HUNDREDS of rural protesters lined the banks of a river in a united stand against racism and discrimination.

Black Lives Matter activists of all ages and from all walks of life, took to the River Colne on Saturday as part of a powerful anti-racism demonstration.

The discussion around police brutality and systemic racism has been reignited since the death of George Floyd, who died in the US two months ago while in police custody.

Since then, protests have taken place across the globe, including in Colchester’s Castle Park, where demonstrations have attracted more than 1,500 people.

Entitled, BLM In The Stix, the show of solidarity against racism was organised to show that people in rural settings can also play their part in the fight against discrimination.

Spread out over an 11-mile strip between Wivenhoe and Rowhedge, a congregation of more than 240 inspired activists held aloft placards with powerful messages.

Organised by dedicated Wivenhoe resident Gurpreet Sidhu, 42 - who helped set up the Black Lives Matter Wivenhoe Facebook group - it is hoped the riverside protest will inspire more rural communities to explore ways to tackle racism.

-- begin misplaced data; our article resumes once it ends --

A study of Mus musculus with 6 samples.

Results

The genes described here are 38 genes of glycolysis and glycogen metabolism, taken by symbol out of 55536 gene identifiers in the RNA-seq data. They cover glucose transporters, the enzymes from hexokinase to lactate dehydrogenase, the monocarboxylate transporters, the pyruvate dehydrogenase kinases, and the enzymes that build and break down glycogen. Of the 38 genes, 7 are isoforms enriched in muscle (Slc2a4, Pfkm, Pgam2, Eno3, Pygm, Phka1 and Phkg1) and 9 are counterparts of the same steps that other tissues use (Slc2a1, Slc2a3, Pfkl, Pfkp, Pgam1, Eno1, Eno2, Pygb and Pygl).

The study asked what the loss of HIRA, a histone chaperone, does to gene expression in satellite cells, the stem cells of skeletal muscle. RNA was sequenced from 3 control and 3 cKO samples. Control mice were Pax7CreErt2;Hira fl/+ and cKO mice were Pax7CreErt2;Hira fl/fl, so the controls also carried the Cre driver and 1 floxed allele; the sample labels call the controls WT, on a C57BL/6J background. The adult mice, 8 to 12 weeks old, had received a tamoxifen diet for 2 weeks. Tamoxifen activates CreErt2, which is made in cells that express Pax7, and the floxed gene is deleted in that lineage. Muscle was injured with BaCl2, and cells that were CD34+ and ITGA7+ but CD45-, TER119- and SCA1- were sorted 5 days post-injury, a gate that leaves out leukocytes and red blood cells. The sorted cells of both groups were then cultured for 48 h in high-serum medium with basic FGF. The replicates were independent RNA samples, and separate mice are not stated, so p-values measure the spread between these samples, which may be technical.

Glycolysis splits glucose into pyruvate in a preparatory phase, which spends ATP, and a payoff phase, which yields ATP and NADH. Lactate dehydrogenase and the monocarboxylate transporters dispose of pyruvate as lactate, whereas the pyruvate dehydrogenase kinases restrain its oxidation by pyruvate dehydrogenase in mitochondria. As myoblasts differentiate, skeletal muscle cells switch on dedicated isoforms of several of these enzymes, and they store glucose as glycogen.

“This event was important because our community came together to make a stand against racism in rural communities,” she said.

“People felt able to voice their dismay at racist attitudes and to stand on behalf of people of colour to let them know that racism is not tolerated in Wivenhoe or Rowhedge.


“We want everyone who is racist to become anti-racist.”

At the protest, Wivenhoe councillor Mark Corey spoke about the need to support the Black Lives Matter movement, and local author A L Kennedy read a moving poem about white privilege.


Flyers were also given out to attendees and onlookers about how to combat racism in rural areas.

Gurpreet says the event has already resulted in a positive response.

“We’ve had more than 100 new people sign up to the group since the event,” she added.

“We now hope the event will help launch a national campaign to end racism.”